Standard vaccines to prevent infectious diseases consist of killed or weakened pathogens or proteins from those microorganisms. Vaccines that treat cancer also rely on proteins. In contrast, a new kind of vaccine, which is poised to make major inroads in medicine, consists of genes. Genomic vaccines promise to offer many advantages, including fast manufacture when a virus, such as Zika or Ebola, suddenly becomes more virulent or widespread. They have been decades in the making, but dozens have now entered clinical trials.

Most vaccines work by teaching the immune system to recognize a foe. They accomplish this trick by delivering a dead or weakened pathogen; the immune system recognizes that certain bits of protein, called antigens, on the surface of the pathogen are foreign and prepares to pounce the next time it encounters them. (Many modern vaccines deliver only the antigens, leaving out the pathogens.) To treat cancer, doctors may deliver other proteins that enhance immune responses. These proteins can include the immune system’s own guided missiles—antibodies.

Genomic vaccines take the form of DNA or RNA that encodes desired proteins. On injection, the genes enter cells, which then churn out the selected proteins. Compared with manufacturing proteins in cell cultures or eggs, producing the genetic material should be simpler and less expensive. Further, a single vaccine can include the coding sequences for multiple proteins, and it can be changed readily if a pathogen mutates or properties need to be added. Public health experts, for instance, revise the flu vaccine annually, but sometimes the vaccine they choose does not match the viral strains that circulate when flu season comes. In the future, investigators could sequence the genomes of the circulating strains and produce a better-matched vaccine in weeks. Genomics also enables a new twist on a vaccination approach known as passive immune transfer, in which antibodies are delivered instead of antigens. Scientists can now identify people who are resistant to a pathogen, isolate the antibodies that provide that protection and design a gene sequence that will induce a person’s cells to produce those antibodies.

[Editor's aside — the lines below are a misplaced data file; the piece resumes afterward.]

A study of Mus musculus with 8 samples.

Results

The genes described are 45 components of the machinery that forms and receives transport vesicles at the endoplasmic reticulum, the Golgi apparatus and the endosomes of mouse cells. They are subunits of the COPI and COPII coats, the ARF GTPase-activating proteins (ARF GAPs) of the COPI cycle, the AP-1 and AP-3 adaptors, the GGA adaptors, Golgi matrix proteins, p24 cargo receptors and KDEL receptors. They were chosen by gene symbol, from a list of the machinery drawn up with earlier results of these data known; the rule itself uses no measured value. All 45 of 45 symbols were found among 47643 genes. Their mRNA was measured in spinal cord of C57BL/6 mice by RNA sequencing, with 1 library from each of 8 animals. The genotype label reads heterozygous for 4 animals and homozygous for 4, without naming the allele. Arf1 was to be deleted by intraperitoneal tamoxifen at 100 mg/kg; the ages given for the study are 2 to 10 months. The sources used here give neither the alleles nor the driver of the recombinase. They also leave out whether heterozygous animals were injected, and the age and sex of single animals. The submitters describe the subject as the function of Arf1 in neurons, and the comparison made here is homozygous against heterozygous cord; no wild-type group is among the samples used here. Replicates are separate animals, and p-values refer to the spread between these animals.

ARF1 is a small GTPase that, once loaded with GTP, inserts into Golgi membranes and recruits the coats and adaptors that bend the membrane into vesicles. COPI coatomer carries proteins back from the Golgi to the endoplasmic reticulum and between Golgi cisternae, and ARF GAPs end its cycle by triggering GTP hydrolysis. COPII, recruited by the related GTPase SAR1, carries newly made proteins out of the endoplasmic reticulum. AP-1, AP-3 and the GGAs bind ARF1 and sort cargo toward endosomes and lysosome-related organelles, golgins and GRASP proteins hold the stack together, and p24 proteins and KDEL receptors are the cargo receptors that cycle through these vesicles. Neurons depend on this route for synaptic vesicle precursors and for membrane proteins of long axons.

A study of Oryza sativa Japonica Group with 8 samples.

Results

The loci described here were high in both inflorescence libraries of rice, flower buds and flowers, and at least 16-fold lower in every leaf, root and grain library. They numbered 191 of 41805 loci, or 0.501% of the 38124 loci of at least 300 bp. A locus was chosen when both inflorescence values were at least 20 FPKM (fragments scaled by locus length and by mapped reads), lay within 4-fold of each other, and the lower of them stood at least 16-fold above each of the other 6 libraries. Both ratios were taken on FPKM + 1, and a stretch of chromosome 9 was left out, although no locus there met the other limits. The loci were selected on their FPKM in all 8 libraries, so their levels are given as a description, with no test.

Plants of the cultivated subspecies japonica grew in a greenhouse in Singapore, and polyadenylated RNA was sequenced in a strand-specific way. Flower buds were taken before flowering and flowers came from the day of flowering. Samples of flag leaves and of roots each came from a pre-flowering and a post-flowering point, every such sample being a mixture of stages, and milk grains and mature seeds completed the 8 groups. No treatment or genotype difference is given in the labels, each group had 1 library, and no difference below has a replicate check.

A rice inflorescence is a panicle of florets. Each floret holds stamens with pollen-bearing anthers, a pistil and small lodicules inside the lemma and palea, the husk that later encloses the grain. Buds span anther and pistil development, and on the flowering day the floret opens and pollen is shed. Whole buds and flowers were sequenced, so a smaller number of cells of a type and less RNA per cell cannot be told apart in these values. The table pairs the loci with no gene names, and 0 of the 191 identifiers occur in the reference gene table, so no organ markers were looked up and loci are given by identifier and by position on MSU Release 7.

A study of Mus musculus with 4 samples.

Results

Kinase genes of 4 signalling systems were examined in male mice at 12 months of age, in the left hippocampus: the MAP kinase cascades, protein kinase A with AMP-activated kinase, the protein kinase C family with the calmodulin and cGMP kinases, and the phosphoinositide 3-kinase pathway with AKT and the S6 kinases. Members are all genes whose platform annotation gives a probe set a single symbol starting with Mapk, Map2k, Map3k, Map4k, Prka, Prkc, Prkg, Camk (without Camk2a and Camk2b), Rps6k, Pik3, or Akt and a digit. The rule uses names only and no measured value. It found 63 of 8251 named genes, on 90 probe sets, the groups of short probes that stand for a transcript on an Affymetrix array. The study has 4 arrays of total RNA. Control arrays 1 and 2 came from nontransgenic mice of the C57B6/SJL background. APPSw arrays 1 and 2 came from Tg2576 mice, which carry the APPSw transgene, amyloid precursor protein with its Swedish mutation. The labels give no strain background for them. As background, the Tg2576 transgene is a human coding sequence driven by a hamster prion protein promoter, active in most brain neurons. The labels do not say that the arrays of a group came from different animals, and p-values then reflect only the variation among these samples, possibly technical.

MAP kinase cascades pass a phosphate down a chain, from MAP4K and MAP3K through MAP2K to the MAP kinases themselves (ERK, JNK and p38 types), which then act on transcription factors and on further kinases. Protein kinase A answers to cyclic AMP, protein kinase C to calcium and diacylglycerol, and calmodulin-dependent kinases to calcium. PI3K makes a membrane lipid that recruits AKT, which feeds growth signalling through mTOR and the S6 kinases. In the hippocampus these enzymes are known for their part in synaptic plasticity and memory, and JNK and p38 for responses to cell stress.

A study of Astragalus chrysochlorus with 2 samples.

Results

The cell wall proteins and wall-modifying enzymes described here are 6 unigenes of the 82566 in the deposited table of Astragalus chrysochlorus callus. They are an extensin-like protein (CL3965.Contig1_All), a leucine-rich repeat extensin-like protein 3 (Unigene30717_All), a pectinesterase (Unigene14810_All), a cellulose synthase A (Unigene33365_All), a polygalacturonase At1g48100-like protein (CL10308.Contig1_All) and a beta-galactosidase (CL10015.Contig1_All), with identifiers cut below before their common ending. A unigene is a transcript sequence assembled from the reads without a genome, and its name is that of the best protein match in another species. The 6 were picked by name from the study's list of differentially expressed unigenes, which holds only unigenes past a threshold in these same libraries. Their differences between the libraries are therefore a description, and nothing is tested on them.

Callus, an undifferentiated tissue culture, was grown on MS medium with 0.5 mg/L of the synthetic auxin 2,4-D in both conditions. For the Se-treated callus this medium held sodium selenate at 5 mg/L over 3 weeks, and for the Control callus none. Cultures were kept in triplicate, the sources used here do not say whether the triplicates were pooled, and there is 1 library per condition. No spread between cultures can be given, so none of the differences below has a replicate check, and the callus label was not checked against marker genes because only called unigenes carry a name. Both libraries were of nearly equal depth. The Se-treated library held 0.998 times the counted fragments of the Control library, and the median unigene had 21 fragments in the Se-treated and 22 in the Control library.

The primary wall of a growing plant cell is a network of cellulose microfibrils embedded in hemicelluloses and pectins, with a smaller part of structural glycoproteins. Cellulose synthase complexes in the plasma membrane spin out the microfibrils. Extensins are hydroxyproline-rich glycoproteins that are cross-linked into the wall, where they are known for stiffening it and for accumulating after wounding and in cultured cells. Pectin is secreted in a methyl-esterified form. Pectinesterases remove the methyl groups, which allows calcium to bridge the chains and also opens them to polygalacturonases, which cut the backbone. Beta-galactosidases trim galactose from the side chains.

With such goals in mind, the U.S. government, academic labs and companies large and small are pursuing the technology. A range of clinical trials to test safety and immunogenicity are under way, including for avian influenza, Ebola, hepatitis C, HIV, and breast, lung, prostate, pancreatic and other cancers. And at least one trial is looking at efficacy: the National Institutes of Health has begun a multisite clinical trial to see if a DNA vaccine can protect against Zika.

Meanwhile researchers are working to improve the technology—for example, by finding more efficient ways to get the genes into cells and by improving the stability of the vaccines in heat. Oral delivery, which would be valuable where medical personnel are scarce, is not likely to be feasible anytime soon, but nasal administration is being studied as an alternative and is under study. Optimism is high that any remaining obstacles can be solved.